I regularly think to myself how lucky I am to work downtown just a block away from our fabulous local bookstore, Bookshop Santa Cruz. I am a weekly visitor (at least), and they are dog friendly so I like to take a quick break from work, take Rudy for a walk, and peruse the new release and sale sections. They also put on regular local events for the community, of which I fairly regularly attend. I especially geek out when they do their Winter Reading Program, which rewards you with little treats after reading three of the list of books they suggest. I get so giddy to return my little bookmark with the three books I read checked off to collect my coupons for a free cupcake and free wine tasting. This place is seriously made for me.
Last month when I was wandering through the store I noticed they were putting on a Books and Brews event series at local breweries and beer pour shops around Santa Cruz. I of course had to attend the book discussion at Beer Thirty. I would have read just about any book they put in front of me for this event, but I was really pleasantly surprised with how much I enjoyed their suggestion, The Bees by Laline Paull.
I can safely say this is the most imaginative book I have ever read. The story is told from an anthropomorphic perspective of a worker bee inside of a hive, and it is obvious the author did a lot of research about the behaviors of bees. The level of detail the author weaves into this story is absolutely insane, which sucked me right in to the world inside of this hive. At some points the story rather abruptly skips around and felt a bit fragmented, but once I got used to it I realized the scattered style of story telling ended up adding an authentic "bee-minded" touch to the voice of the protagonist, Flora 717.
The book starts with Flora 717 essentially being "born", emerging from her cell in the hive. The plot immediately kicks into high-gear with a pretty graphically violent scene and never really rests after that. Flora is described as being ugly, large, and deformed and would normally be killed immediately after emerging, but she is quickly whisked away by another, higher-up "Sage" bee that sees Flora has special gifts. As such, Flora moves around to the different areas of the hive quickly and the reader gets to tour the hive in its entirety, and learn about some very interesting interactions bees have with the world outside of their hive as well. The book is described as a dystopian novel, and although I agree with that by definition, I think the book has so many more layers than just that. It has a rather feminist tone, and is filled with allegory of social systems and religion. Overall the story is quickly paced, vividly descriptive, and tense in its high-stakes (and violent) scenes, all of which are pretty easy to digest because they happen in such a small scale, all within a beehive.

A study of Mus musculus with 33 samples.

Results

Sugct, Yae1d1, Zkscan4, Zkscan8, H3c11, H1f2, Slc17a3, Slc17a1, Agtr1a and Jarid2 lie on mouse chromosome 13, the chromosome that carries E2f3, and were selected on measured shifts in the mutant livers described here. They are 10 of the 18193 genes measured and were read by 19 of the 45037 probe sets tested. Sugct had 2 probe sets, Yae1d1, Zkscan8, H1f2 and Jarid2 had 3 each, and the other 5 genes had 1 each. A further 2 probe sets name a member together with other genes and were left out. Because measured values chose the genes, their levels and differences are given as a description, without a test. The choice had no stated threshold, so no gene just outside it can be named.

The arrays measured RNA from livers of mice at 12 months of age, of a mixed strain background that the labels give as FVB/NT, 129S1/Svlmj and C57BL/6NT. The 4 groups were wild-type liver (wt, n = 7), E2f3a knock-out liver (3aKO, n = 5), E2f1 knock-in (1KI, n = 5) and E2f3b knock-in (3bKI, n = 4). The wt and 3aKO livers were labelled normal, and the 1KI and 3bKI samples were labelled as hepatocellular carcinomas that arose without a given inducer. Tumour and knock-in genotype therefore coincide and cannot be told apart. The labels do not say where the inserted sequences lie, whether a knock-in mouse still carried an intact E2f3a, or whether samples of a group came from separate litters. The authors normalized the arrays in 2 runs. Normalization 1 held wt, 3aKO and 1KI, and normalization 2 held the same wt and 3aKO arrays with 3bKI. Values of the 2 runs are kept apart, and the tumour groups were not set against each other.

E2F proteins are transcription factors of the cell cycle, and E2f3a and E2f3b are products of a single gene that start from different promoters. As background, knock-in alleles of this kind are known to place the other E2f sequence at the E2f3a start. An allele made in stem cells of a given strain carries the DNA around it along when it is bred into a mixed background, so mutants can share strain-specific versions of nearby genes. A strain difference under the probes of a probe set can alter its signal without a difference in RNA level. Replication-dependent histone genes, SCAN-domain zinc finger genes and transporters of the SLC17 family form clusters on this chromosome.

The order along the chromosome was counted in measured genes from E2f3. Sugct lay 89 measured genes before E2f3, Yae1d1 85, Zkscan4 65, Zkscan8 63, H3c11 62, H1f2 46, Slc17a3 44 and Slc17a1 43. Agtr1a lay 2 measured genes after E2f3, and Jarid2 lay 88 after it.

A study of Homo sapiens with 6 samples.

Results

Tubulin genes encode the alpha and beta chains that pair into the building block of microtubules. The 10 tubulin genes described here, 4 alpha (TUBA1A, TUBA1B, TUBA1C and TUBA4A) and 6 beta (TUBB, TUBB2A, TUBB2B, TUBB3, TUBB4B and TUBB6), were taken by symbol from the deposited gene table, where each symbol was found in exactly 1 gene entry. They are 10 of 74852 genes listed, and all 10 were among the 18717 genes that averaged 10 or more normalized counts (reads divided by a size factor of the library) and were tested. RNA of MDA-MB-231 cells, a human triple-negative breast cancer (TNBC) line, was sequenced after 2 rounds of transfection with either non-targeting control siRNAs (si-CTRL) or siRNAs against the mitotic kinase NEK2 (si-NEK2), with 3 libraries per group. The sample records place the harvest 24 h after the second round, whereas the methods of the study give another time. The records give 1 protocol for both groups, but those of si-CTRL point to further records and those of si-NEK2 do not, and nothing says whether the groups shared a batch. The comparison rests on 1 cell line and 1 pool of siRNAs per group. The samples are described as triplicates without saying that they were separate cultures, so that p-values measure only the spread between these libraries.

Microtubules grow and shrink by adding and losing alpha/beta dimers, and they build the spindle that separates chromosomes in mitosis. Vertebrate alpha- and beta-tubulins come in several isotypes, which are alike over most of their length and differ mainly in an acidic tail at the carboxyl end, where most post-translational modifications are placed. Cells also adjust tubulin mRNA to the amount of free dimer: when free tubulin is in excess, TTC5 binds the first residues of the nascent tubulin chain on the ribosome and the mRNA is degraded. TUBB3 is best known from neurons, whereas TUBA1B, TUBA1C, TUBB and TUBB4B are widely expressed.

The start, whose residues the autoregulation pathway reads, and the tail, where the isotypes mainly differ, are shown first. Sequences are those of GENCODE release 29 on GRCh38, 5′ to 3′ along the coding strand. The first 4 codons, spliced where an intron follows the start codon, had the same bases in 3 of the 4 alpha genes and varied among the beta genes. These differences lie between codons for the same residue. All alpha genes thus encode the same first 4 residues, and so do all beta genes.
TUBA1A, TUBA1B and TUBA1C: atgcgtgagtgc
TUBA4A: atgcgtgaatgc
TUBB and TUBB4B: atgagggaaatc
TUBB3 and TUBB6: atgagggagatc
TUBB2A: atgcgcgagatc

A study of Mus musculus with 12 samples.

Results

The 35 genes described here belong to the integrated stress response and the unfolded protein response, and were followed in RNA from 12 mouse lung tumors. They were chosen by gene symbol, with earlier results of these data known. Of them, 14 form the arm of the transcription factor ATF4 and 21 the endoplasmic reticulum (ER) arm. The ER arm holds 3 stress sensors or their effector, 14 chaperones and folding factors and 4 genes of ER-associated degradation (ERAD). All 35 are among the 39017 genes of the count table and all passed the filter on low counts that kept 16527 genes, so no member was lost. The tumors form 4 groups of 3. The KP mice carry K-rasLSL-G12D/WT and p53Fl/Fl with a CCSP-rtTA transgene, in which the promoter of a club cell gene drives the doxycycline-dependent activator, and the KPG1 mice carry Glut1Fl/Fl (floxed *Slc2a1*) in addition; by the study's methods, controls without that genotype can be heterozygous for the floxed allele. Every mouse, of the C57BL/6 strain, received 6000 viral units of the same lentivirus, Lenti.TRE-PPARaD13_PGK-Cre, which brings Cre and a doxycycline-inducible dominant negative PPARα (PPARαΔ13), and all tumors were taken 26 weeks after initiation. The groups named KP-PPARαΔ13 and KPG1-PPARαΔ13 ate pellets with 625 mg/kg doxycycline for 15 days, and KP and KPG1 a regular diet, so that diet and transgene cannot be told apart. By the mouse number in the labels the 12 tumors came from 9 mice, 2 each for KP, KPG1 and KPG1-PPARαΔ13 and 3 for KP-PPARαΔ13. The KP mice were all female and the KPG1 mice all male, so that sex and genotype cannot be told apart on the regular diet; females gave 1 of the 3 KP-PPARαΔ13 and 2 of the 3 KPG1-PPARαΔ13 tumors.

More than anything else, this book made me very curious to learn more about bees in general. Their behavior, or culture, if you will, is so fascinating! Thankfully the Bookshop brought in a beekeeper to attend the discussion and answer any questions we had about the bees' behaviors. The beekeeper said although the author took some literary liberties, for the most part much of the book is correct, biologically speaking.
I would highly recommend this novel if you are looking for something different. Just be prepared for the intensity of the first few scenes, and don't get too weirded-out by the fact that you are reading from a bee's perspective. It's really worth it if you just let go and let the story unfold!